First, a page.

Failover how much complexity will it add?
adel at baklawasecrets.com
adel at baklawasecrets.com
Sun Nov 8 20:17:03 UTC 2009
Thanks Seth and James,
Things are getting a lot clearer. The BGP multihoming solution sounds like exactly what I want. I have more questions :-)
Now I suppose I would get my allocation from RIPE as I am UK based?
Do I also need to apply for an AS number?
As the IP block is "mine", it is ISP independent. i.e. I can take it with me when I decide to use two completely different ISPs?
Is the obtaining of this IP block, what is referred to as PI space?
Of course internally I split the /24 up however I want - /28 for untrust range and maybe a routed DMZ block etc.?
Assuming I apply for IP block and AS number, whats involved and how long does it take to get these babies?
I know the SSG550's have BGP capabilites. As I have two of these in HA mode, does it make sense to do the BGP on these, or should I get dedicated BGP routers?
Fixing the internal routing policy so traffic is directed at the active BGP connection. Whats involved here, preferring one BGP link over the other?
Thanks again, I obviously need to do some reading of my own, but all the suggestions so far have been very valuable and definitely seem to be pointing in some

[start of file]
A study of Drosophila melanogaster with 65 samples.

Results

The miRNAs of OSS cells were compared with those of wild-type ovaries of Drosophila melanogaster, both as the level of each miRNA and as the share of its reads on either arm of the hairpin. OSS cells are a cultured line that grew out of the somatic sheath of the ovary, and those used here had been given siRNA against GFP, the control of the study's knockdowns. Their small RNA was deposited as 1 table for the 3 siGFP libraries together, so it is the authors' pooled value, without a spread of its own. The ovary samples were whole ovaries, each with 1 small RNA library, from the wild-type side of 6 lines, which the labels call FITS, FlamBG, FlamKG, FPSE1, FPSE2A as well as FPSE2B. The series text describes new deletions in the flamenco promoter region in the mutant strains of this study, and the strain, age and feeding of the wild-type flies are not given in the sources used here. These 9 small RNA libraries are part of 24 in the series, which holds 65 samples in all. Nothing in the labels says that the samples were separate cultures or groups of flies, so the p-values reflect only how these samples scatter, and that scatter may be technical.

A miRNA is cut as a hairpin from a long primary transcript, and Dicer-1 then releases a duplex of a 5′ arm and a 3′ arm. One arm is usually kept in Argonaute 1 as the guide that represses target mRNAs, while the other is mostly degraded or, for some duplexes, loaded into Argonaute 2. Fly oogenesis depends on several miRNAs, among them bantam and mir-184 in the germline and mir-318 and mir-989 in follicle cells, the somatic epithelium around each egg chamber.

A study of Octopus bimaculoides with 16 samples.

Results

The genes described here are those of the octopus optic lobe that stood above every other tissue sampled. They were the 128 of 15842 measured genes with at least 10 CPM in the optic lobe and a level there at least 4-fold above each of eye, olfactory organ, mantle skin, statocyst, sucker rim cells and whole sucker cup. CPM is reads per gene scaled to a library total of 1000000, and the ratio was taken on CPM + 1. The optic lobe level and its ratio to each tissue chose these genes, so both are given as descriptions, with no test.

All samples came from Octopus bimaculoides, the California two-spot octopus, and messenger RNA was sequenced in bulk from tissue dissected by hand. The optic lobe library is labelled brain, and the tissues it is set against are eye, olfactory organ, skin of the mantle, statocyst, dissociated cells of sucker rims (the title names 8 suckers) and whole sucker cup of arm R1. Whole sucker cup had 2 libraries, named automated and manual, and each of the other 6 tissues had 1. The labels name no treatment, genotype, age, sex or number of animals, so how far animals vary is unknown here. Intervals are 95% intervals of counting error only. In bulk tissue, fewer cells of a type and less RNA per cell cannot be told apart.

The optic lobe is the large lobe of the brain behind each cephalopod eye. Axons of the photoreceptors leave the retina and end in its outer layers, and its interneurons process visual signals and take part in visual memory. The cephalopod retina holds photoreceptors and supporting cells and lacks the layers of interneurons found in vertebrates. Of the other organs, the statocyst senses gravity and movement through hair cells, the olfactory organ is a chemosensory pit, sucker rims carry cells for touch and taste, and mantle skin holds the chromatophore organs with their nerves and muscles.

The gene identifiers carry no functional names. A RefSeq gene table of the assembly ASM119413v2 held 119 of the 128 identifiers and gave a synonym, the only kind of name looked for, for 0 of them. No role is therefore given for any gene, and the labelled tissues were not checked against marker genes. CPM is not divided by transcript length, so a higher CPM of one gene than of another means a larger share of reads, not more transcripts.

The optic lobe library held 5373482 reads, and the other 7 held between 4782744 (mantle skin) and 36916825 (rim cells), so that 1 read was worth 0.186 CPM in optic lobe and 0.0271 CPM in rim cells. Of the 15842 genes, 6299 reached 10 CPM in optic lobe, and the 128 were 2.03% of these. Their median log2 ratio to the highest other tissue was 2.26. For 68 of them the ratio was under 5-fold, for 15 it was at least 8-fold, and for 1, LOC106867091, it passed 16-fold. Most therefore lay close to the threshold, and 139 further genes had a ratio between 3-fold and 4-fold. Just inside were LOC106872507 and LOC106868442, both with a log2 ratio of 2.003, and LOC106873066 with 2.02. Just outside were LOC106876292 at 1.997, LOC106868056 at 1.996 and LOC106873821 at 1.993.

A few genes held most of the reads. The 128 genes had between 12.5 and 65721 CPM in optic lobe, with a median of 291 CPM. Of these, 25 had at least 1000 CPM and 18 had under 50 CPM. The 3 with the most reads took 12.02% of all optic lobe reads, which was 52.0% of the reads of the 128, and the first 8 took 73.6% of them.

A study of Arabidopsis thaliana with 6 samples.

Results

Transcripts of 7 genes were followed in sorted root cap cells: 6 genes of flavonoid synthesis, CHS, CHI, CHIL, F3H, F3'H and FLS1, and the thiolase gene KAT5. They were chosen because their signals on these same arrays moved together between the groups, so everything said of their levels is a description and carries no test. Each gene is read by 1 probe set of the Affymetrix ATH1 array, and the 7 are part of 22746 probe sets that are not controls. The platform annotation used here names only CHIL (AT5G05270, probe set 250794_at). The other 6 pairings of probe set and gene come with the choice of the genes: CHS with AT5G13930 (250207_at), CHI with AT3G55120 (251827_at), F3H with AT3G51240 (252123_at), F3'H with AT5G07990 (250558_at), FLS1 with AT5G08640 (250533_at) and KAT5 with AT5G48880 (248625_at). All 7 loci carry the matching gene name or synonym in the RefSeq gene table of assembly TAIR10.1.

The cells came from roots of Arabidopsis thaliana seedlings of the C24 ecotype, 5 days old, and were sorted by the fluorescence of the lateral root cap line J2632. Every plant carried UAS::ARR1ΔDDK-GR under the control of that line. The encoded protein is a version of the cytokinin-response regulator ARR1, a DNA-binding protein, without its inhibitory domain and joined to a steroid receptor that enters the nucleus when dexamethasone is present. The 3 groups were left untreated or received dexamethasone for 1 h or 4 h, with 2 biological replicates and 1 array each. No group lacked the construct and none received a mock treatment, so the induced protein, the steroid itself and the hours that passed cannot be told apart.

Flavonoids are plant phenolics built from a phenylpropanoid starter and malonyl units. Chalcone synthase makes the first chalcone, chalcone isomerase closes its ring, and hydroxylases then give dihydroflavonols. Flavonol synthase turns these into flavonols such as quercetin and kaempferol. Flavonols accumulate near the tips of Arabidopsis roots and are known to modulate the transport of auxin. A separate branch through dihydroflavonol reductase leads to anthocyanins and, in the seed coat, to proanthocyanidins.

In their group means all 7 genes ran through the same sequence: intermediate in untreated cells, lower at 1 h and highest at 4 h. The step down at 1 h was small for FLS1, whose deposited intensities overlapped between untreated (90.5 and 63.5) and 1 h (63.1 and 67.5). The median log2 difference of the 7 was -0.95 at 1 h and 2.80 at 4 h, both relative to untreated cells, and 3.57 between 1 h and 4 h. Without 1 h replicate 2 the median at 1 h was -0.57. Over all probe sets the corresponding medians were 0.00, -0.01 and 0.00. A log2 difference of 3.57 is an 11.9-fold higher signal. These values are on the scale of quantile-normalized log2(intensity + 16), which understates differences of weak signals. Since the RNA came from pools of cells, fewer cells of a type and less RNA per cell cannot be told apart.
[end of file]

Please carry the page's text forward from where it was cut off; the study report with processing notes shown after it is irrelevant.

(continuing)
On Sun 6:31 PM , "James Hess" mysidia at gmail.com sent:
> On Sun, Nov 8, 2009 at 11:34 AM, <[email protected]
> baklawasecrets.com> wrote:[..]
> > connections from different providers I would
> still have issues. So> I guess that if my primary Internet goes down I
> lose connectivity> to all the publicly addressed devices on that
> connection. Like> dmz hosts and so on. I would be interested
> to hear how this> can be avoided if at all or do I have to use the
> same provider.
> You assign multi-homed IP address space to your publicly addressed
> devices,which are not specific to either ISP. You announce to both ISPs, and
> you accept some routes from both ISPs.
> You get multi-homed IPs, either by having an existing ARIN allocation,
> or getting a /22 from ARIN (special allocation available for
> multi-homing), or ask for a /24 from ISP A or ISP B for
> If Link A fails, the BGP session eventually times out and dies: ISP
> A's BGP routers withdraw the routes, the IP addresses are then
> associated only with provider B.
> And you design your internal routing policy to direct traffic
> within your network to the router with an active BGP session.
> Link A's failure is _not_ a total non-event, but a 3-5 minute partial
> disruption, while the BGP session times out and updates occur in other
> people's routers, is minimal compared to a 3 day outage, if serious
> repairs to upstream fiber are required.